The IRS says it accidentally exposed confidential information involving 120,000 taxpayers

The IRS will let taxpayers authenticate their identity without using facial recognition

But the alternative is having a live, virtual interview that may not be ideal either.

Mariella Moon
M. Moon
 
The IRS says it accidentally exposed confidential information involving 120,000 taxpayers
Khosrork via Getty Images

Taxpayers in the US don’t have to use facial recognition or any kind of biometric data to access their accounts online if they don’t want to. The IRS has announced that users can opt for a live, virtual interview to authenticate their identity instead of registering for an ID.me account. This move comes a few weeks after the agency said it will back away from using facial recognition following pressure from both sides of the political aisle. Both Republican and Democratic lawmakers raised concerns about the privacy and security implications of using ID.me facial recognition and how it will make the IRS a prime target of cyberattacks.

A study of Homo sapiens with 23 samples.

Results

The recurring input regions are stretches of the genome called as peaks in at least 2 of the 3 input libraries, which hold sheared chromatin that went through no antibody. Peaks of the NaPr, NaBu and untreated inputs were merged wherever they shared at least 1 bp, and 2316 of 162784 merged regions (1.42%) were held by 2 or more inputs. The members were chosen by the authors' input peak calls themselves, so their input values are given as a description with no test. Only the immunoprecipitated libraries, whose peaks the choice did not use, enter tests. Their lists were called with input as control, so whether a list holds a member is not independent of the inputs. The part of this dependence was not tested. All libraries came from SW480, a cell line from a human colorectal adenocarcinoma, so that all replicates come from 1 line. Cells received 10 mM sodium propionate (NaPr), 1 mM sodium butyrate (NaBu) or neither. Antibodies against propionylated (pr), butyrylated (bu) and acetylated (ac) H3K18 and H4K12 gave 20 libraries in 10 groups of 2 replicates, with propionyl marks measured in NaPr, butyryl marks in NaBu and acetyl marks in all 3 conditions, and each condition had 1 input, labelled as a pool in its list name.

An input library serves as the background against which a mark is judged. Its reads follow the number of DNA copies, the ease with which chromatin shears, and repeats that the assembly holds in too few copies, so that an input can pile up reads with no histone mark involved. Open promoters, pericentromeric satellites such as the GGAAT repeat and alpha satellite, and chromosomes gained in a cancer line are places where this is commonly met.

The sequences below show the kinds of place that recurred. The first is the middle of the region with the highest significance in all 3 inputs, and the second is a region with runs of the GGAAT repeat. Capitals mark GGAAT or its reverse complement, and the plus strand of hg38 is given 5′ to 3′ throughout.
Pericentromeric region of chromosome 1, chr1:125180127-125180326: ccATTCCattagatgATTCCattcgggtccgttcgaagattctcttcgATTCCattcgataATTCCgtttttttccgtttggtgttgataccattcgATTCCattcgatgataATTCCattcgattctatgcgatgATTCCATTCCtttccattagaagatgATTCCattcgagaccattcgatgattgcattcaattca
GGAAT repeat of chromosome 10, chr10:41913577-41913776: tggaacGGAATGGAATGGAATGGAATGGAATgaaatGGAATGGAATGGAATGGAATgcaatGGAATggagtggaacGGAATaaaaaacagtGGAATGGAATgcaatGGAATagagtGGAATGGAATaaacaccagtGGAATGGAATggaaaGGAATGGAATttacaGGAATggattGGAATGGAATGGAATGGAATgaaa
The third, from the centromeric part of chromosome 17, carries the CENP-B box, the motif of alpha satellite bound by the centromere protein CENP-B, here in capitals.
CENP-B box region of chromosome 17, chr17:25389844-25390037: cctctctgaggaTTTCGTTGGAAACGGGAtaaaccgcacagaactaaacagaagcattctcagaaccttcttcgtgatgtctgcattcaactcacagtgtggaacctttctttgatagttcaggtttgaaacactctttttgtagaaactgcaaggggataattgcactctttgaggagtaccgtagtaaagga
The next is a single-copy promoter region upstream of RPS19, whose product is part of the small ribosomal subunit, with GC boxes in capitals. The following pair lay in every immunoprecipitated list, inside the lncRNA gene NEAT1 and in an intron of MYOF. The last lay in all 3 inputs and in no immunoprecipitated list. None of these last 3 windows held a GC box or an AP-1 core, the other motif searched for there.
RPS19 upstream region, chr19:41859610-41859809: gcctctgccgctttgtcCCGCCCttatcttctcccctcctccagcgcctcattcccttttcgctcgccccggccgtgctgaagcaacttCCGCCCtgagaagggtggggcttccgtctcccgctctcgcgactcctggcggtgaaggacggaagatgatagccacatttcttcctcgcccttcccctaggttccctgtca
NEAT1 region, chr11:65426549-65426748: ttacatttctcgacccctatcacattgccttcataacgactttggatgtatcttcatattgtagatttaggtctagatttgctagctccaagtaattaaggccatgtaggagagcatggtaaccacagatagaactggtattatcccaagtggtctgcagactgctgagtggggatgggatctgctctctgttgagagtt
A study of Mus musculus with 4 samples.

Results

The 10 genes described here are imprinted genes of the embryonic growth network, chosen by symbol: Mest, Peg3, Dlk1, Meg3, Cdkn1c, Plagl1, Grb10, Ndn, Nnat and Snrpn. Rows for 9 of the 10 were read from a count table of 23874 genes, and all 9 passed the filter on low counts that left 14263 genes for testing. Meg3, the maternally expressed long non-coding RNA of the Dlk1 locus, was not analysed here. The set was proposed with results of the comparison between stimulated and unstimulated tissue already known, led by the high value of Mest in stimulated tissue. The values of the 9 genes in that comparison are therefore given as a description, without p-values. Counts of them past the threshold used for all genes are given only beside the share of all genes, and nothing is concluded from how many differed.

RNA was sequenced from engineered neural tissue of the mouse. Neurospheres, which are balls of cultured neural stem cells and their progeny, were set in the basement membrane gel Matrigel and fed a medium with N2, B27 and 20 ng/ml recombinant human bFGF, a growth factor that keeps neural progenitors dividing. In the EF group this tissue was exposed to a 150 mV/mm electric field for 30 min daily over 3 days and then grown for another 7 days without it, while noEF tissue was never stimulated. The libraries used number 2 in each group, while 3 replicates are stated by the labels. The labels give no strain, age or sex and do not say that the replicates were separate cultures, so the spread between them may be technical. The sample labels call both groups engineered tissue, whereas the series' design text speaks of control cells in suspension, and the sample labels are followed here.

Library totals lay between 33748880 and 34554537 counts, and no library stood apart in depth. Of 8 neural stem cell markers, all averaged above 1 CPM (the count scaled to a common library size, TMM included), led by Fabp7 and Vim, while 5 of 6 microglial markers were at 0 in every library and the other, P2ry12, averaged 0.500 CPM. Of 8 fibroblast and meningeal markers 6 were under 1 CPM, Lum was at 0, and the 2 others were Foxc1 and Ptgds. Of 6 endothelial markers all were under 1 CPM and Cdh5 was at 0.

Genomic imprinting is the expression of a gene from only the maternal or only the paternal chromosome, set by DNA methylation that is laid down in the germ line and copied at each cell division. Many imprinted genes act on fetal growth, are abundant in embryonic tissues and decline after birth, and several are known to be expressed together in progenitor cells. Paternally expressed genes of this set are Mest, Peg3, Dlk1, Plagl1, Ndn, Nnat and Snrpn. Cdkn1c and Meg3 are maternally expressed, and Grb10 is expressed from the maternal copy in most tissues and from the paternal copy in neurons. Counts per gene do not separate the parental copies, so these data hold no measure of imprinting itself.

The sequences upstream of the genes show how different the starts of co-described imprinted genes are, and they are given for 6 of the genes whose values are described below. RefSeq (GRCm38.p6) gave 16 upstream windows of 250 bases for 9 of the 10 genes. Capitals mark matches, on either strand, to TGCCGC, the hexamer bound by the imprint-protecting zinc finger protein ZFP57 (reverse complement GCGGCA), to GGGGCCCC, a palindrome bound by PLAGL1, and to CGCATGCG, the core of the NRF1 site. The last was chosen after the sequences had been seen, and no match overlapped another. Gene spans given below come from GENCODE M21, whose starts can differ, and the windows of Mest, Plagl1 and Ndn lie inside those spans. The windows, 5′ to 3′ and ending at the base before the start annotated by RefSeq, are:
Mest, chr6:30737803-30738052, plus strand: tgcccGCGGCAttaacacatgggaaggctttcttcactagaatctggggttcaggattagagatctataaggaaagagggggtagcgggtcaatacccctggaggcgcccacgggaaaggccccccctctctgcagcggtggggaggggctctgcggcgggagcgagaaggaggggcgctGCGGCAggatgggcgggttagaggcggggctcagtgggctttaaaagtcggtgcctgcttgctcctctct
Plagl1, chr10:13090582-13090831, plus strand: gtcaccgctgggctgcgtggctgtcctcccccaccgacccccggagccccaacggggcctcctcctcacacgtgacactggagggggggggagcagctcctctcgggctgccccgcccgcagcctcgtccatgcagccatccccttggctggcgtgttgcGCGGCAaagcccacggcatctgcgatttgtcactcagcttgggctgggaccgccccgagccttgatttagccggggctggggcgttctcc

To sign up for an ID.me account, taxpayers will have to send the service a copy of their government ID, a utility bill and a video selfie of themselves. Those who don’t mind using facial recognition to be able to file taxes online can still use it for verification if they want. The agency’s announcement said it put a new safeguard in place to ensure images the taxpayers provide are deleted going forward. The existing biometric data provided by users who previously created an online account has also been collected and will be “permanently deleted over the course of the next few weeks,” the IRS said. 

It’s unclear how the IRS plans to make sure that it can conduct verification interviews in a timely manner for everyone who doesn’t want to use facial recognition. As The New York Times notes, the agency is dealing with staff shortages and lack of funding, and it currently has a backlog of around 24 million tax returns. The agency called the virtual interview option a “short-term solution” for this year’s filing season. It said it’s now working with partners to “achieve security standards and scale required of Login.Gov,” so it can roll out the sign in service already being used by government websites after the 2022 filing deadline.